Years of recession and then low growth, inflation and slow productivity growth since then have combined to dampen pay growth and living standards.

But now, even after taking into account price rises and changes to family composition, disposable incomes are at a record high, according to the Office for National Statistics.

The median household earned £26,400 after direct taxes and benefits in the financial year ending in March, up £700 on the previous year, and £400 above the previous high of £26,000 in 2007-08.

The biggest increase was enjoyed by retired households, whose disposable income of £21,500 is up £1,700 on the 2007-08 level.

Working households still have some ground to recover, with an average disposable income of £29,200, which is £400 short of the pre-crash level.

Economists are worried, however, that the fall in the pound since the EU referendum could cause a spike in inflation as imported goods become more expensive.

Inflation word is coming often. What comes next ?



Disposable income is before rent, transport, energy, food etc.

Discretionary income is what's left after the necessities.


Discretionary income is what's left after the necessities.

Thank you. In which case disposable income is a totally pointless measure.


You can't say 'disposable incomes up - yea!' without also referring to any increases in necessary expenditure - which are likely to be significant over the period in question.

At face value, the pensioner households in that survey look as though they're a bit harder up than working households. Clearly this is not likely to be the case.

The ONS should report the changes in discretionary incomes.


It must be the averages are being pushed up by retired bankers and politicians and their massive gold plated inflation proofed pensions. Plus some retired BtLers income perhaps.

In any event more than your average retired person type.

One suspects that the statistic and propaganda twister crooks have been at work yet again.

Edited by billybong


So its took ten years to be 8 GBP/week better off if you forget inflation / devaluation during the 9 years between the two points selected.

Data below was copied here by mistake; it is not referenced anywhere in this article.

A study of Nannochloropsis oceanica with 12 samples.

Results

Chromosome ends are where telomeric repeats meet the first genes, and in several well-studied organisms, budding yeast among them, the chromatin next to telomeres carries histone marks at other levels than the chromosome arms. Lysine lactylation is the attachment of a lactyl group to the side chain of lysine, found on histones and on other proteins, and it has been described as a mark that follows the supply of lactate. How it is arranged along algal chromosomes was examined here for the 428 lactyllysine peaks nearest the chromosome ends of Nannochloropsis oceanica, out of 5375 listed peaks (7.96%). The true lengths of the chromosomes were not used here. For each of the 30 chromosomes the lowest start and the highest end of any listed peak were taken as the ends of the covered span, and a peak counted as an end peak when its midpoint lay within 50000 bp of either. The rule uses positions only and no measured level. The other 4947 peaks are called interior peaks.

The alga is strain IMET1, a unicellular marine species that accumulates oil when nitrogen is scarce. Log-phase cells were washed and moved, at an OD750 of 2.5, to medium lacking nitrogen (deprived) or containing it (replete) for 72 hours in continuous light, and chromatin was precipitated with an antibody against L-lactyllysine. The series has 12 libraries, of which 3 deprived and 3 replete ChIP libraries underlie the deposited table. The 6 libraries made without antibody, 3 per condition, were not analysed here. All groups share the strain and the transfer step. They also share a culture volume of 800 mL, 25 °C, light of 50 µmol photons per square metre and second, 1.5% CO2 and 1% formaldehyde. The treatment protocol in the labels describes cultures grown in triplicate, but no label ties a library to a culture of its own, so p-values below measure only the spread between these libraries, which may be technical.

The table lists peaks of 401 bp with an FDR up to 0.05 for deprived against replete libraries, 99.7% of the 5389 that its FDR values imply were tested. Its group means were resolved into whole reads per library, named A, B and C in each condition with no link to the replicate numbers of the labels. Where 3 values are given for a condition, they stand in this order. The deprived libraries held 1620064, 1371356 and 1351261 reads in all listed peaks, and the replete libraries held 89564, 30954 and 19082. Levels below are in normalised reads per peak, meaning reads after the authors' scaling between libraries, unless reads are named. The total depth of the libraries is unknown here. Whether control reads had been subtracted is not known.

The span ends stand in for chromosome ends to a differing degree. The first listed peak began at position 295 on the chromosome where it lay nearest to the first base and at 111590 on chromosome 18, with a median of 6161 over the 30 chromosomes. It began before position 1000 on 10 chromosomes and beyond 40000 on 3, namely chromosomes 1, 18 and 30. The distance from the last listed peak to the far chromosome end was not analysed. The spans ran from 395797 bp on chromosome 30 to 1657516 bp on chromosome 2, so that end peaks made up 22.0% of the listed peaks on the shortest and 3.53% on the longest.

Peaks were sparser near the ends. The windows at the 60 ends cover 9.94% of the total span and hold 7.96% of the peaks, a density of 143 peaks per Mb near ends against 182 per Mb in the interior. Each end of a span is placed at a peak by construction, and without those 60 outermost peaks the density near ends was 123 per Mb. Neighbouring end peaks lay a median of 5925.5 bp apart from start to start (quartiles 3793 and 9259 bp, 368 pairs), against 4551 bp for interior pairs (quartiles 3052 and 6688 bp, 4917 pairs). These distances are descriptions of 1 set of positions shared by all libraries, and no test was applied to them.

I wonder how much the Telegraphs circulation has dropped between then and now.


Why is it called "disposable" - this implies you can choose between paying rent and energy costs and simply forgetting about them for a few months. They are essentials.

Rent and energy costs have shot up over the last 9 years, wages have stagnated. What counts is what you have AFTER your essentials are paid for.


Discretionary income is what's left after the necessities.

When did we all agree on that bit of newspeak?

If you say 'disposable income' to anyone they picture money you can choose to go see a movie or buy an iPad with. Not the money you spend on electric bills or the mortgage.

It's akin to the endless attempts to confuse people about 'paying down the deficit' - i.e. yet another way to lie with misleading language and cherry-picked statistics.


Discretionary income is what's left after the necessities.

Sorry but this is wrong according to the FCA and all accepted practices in the 'debt industry'. See CONC8


WIKIPEDIA LINK

:lol:

I think it's a tomato/tomato thing. The UK debt industry definitely uses the term to describe income after essentials. I suppose it doesn't matter in reality. You're either skint or your not.


Link: http://www.telegraph.co.uk/business/2016/08/17/britons-better-off-than-ever-as-disposable-incomes-jump-to-recor/

"Private sector workers were paid 5pc less than those in the public sector by 2011, and the gap even spiked to 7pc in 2013."

..........this is the sign of a banana republic ....... :rolleyes:


If you say 'disposable income' to anyone they picture money you can choose to go see a movie or buy an iPad with. Not the money you spend on electric bills or the mortgage.

It's akin to the endless attempts to confuse people about 'paying down the deficit' - i.e. yet another way to lie with misleading language and cherry-picked statistics.

Disposable income is the money you have before you pay for indisposable necessities - newspeak indeed. Was there ever a point when Orwell WASN'T spinning in his grave?


That's in 13 years in this town.

Sharp elbowed blue rinsers everywhere.

Great to see excess cash in the economy used to promote social mobility in the young instead of being funneled to oldies to buy tat.



Indeed. The problem with disposable income is people can't wait to dispose it. I wonder how much of that 'record' disposable income is servicing interest on debt.